Albania’s Ministry of Energy and Industry has received a project proposal for a 1.7 MW PV power plant.
The application was filed by local companies Albanian General Electricity SH.A. and A.E. Distribution. The project, which is planned to be located in Fier, in the homonym province, and built at a cost of €2 million ($2.1 million), will likely compete in the country’s upcoming renewable energy auctions, which were introduced with the new renewable energy law approved by the Albania Parliament in February.
This is not the first project proposal for PV currently under examination by the ministry. In November 2016, a consortium formed by local companies Solar Gamma Sh.p.k., Alfa Energy Sh.p.k., Beta Energy Sh.p.k., Delta Solar Sh.p.k. and Solaris Sh.p.k. has proposed to build a 50 MW PV plant in Malik, a municipality in Korçë County of eastern Albania.
Furthermore, the special purpose vehicle Novoselë Photovoltaic PowerPlant Sh.P.K. proposed to build a 50 MW PV power plant in Novoselë, a village in the Vlorë County, southwestern Albania in August 2016. The project’s required investment was valued at €72 million ($76.6 million).
In the same month, the company Sun & Wind Energy Corporation submitted a project proposal to build a 30 MW hybrid wind-solar power facility in the southern region of Himara. This project is expected to be built in several phases by 2030 and to require an aggregate investment of €45 million ($47.8 million).
Albania has so far seen a limited development of solar energy. In February of this year, however, the local Parliament approved a new renewable energy law draft, which is expected to boost investments in renewable energies other than hydropower.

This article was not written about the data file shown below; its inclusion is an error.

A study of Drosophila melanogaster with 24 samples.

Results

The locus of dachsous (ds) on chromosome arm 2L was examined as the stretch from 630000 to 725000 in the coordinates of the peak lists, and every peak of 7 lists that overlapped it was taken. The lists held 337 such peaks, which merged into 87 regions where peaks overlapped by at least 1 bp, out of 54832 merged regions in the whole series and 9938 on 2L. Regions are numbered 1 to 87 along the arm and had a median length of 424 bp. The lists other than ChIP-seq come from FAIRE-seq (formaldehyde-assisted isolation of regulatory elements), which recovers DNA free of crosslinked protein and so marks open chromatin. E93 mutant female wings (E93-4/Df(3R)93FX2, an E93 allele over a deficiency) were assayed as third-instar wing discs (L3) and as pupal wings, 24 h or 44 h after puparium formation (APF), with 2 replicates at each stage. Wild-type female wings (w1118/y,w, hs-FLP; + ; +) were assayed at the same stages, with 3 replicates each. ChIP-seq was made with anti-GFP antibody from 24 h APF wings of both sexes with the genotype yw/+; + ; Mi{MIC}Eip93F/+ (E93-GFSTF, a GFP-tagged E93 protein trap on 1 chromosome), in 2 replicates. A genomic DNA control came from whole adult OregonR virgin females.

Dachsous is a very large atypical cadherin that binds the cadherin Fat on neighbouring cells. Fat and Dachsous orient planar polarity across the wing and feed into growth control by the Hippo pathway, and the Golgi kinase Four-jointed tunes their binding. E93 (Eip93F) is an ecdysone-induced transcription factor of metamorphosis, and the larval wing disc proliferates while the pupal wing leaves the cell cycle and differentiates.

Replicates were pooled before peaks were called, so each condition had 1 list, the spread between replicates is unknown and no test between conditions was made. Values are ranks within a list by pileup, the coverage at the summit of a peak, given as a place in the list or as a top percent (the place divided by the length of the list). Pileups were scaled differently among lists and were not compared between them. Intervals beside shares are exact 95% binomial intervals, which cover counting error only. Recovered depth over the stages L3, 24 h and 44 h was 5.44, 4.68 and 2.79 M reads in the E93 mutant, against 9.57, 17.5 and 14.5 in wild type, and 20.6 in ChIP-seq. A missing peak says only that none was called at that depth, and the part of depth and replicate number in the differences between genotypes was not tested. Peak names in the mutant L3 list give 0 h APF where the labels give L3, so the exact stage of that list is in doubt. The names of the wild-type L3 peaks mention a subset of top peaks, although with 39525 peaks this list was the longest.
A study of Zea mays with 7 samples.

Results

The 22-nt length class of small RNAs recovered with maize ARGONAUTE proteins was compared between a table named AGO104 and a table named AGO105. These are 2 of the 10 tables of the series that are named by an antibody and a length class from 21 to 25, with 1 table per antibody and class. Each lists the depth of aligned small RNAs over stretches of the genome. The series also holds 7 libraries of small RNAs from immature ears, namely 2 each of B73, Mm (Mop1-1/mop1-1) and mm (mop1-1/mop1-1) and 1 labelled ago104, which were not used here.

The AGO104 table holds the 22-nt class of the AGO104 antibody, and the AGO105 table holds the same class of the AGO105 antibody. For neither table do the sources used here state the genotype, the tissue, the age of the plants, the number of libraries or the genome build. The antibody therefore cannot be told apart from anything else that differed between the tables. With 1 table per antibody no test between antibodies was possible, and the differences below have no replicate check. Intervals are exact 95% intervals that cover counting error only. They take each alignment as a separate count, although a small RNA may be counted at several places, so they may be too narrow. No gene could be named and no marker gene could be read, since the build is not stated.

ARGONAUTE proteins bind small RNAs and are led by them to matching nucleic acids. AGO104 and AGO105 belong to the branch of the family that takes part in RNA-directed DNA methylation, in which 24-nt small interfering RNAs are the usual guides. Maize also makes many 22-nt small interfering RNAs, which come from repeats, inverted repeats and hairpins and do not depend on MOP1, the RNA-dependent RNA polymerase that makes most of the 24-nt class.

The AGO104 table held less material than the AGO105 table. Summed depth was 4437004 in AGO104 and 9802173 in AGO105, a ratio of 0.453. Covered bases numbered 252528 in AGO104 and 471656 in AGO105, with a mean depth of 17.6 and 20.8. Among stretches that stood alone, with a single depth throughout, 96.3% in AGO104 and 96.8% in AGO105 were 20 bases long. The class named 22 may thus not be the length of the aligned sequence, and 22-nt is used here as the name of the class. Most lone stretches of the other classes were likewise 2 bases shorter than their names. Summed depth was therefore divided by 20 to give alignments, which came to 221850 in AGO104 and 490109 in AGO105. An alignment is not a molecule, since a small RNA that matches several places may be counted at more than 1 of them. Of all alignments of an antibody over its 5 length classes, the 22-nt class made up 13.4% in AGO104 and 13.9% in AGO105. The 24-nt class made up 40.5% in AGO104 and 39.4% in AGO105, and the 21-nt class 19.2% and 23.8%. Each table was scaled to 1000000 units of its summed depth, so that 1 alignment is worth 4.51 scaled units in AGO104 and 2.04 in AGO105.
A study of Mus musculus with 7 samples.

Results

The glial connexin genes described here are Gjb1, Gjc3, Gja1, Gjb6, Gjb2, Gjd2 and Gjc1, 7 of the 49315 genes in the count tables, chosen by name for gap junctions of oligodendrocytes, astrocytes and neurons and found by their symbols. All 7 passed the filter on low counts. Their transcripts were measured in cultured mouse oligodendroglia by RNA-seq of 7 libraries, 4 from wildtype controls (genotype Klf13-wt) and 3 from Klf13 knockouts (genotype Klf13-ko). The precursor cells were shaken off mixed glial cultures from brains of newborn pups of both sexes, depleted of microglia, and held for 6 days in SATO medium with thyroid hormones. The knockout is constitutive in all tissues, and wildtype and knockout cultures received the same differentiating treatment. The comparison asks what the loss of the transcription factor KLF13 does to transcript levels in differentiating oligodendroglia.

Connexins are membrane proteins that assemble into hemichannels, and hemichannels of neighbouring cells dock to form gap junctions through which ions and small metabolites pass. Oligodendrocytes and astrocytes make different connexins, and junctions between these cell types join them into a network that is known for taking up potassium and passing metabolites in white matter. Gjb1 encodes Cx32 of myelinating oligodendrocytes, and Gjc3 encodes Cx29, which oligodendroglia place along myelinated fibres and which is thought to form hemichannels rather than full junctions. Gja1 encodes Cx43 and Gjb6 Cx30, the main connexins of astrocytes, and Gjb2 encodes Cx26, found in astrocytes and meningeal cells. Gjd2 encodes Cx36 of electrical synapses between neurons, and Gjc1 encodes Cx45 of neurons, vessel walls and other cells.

Under the new law, named Law on Promotion of the Use of Energy from Renewable Sources, power utilities will be obliged to pay a 15-year regulated tariff to renewable energy power producers. The law also includes an auction mechanism for the selection of large-scale renewable energy projects, including wind and solar. The tender scheme will replace the country’s FIT scheme for renewable energy projects up to 15 MW, which came into force in 2013 but was never applied for solar and wind due to the lack of a secondary legislation. Under the new rules, however, renewable energy has not been given priority with regard to grid connection as under the FIT scheme.
Albania’s total installed capacity at the end of 2015 totaled 1,895 MW, out of which 98 MW was from thermoelectric generation and the rest, around 95% of installed power, was from hydropower sources.